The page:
Saturday, May 19, 2012

Baseline rates in innovation management

Wikipedia says that Fetal Heart Rate (FHR) should be between 110 beats per minute (bpm) 160 bpm. Anything beyond this range is considered abnormal. These rates are called baseline rates. FHR baseline rate is the same no matter which culture or nation the baby is born into. Are there any baseline rates in innovation management similar to FHR baseline rates? I don’t know. However, I feel that we need to establish them as they are going to be very useful in making various decisions in managing innovation. Nobel Laureate Daniel Kahneman highlights in “Thinking, fast and slow” that baseline rates are a good starting point while making risky decisions. In this article, I present my current view and a first attempt at the baseline rates relevant for innovation management.

Let me qualify the data set first. These rates are based on the data from 25 to 50 organizations depending upon the parameter. There are some parameters like the “idea per person per year” and “participation” where data is available from more organizations (50). And there are parameters like “response time” and “success rate” for which data is available from fewer organizations (25). Moreover, these numbers are not averages. Like FHR baseline, they are linked to the health of the innovation engine. Currently I have used my judgement in calling some rate “poor, OK or Good”. I have used publicly available information such as INSSAN benchmarks as well as data published from companies like Toyota and P&G. Moreover, I have also used data from a dozen odd organizations where I have seen the innovation engine personally.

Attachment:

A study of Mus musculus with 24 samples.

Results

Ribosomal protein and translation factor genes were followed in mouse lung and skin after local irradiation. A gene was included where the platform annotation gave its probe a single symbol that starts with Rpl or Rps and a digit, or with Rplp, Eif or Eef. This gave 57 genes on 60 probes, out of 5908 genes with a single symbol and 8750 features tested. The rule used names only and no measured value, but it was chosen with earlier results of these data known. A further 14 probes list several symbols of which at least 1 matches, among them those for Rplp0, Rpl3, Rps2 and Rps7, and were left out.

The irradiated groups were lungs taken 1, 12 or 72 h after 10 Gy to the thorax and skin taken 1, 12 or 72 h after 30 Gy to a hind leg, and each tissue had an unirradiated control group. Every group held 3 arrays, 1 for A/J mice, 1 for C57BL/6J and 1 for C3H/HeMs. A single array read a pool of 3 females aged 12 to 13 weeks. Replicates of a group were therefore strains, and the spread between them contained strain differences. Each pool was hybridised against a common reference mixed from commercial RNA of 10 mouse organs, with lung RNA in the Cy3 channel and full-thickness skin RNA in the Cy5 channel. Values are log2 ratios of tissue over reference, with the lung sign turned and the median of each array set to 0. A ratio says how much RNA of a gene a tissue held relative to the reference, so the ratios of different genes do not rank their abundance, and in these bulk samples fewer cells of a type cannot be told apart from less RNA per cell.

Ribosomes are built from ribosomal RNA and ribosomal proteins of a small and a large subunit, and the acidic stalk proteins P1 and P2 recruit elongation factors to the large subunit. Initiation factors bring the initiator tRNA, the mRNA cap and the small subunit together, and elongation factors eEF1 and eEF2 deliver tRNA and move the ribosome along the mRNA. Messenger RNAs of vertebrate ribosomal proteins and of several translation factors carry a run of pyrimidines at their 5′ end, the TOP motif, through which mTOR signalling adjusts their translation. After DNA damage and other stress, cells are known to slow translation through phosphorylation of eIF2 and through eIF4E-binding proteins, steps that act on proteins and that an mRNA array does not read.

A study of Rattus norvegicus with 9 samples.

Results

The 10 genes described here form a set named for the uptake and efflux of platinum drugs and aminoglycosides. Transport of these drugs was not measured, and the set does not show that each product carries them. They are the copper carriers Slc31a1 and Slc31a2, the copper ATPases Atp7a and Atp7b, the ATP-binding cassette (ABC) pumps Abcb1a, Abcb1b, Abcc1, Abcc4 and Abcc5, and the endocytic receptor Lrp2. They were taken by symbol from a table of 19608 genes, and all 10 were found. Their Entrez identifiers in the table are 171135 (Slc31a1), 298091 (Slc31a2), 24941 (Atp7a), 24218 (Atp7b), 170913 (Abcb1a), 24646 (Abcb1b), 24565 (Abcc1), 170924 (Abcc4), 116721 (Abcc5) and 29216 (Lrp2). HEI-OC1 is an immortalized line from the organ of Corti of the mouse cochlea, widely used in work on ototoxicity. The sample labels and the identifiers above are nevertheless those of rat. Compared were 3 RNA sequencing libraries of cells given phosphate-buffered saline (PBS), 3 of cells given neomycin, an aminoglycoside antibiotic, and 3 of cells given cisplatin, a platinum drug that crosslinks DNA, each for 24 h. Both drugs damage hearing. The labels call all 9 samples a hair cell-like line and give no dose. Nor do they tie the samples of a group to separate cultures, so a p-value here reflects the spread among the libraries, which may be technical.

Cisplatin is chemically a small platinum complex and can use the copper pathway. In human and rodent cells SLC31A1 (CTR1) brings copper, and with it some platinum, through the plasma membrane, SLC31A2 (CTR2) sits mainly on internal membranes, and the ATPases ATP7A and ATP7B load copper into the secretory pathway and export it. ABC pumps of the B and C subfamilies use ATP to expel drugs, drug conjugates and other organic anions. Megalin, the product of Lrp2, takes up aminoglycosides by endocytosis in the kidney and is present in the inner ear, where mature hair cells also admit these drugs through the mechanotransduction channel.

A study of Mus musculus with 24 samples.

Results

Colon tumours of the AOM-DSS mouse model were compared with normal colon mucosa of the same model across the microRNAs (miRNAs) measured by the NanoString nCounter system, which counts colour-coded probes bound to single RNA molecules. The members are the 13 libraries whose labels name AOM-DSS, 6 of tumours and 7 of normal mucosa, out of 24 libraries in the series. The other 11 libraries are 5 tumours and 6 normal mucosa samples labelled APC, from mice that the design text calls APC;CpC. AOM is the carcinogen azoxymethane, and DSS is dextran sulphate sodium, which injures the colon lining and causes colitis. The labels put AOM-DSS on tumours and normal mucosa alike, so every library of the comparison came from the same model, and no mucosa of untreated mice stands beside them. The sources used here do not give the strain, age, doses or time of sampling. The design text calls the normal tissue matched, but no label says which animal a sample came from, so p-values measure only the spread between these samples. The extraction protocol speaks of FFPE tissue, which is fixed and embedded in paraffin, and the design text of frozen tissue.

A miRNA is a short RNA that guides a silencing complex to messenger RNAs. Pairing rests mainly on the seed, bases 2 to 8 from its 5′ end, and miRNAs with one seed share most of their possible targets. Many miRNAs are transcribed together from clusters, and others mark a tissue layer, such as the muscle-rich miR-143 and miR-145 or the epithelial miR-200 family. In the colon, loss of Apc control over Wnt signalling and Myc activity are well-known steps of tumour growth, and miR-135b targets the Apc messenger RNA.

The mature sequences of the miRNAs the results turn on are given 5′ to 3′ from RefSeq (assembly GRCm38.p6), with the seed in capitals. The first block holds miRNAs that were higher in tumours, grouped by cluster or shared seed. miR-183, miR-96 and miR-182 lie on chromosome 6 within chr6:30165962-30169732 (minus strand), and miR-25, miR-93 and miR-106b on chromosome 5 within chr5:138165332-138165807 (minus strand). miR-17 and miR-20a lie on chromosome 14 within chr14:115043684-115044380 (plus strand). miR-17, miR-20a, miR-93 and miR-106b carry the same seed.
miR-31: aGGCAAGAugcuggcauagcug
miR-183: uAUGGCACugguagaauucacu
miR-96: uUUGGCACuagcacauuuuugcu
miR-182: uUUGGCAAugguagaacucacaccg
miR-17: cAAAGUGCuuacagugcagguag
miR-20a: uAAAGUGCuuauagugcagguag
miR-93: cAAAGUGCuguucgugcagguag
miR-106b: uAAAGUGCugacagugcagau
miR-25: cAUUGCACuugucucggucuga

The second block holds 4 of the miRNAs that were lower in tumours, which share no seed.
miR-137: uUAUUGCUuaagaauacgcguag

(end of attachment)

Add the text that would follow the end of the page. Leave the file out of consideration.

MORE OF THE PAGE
Let’s look at each parameter briefly:

Idea pipeline (General): This parameter says that if you are 1000 people organization and if you have an idea box (physical or on intranet), then you should get at least 1000 ideas in a year to qualify for “good” category. If you get, say 150 ideas, then you are OK. And if you get 70 ideas in a year then you are poor. The maximum number I have seen is from Brasilica (a Brazilian firm) is at 143.

Big idea pipeline: Many organizations manage a separate pipeline for large impact ideas. Take each idea in the pipeline and identify how much business impact (annual) it projects today. Let’s say your big idea pipeline has 3 ideas with following potential revenue: 1 crore, 3 crore, 1 crore and if your revenue is 100 crore then total business impact of the pipeline is: 1+3+1 = 5 and the ratio of total business impact to revenue is 5/100 = 0.05. The table says it is “poor”. GE’s breakthrough imagination has 100 ideas each with a minimum potential of $1 billion. That makes the ratio at least 0.67 (perhaps the actual ratio is > 1).

Participation: Less than 5% employees giving at least one idea in a year is “poor”. More than 30% doing the same is “good”. See here how this parameter evolved in Toyota over 40 years.

Response time: How soon are you getting in touch with the person who submitted an idea? Less than a week is “good” and more than a month is “poor”. For example, Shell Gamechanger process promises to communicate input on your idea within 48 hours.

Success rate: This is the trickiest parameter. Too high of a success rate may mean nobody is taking any risk. Check out my article “Lower your batting average to improve innovation productivity”.

Will these baseline rates change as we get more data? Yes. Will the role of baseline rates diminish? I doubt it. As I mentioned this is my first attempt and your inputs would be greatly appreciated.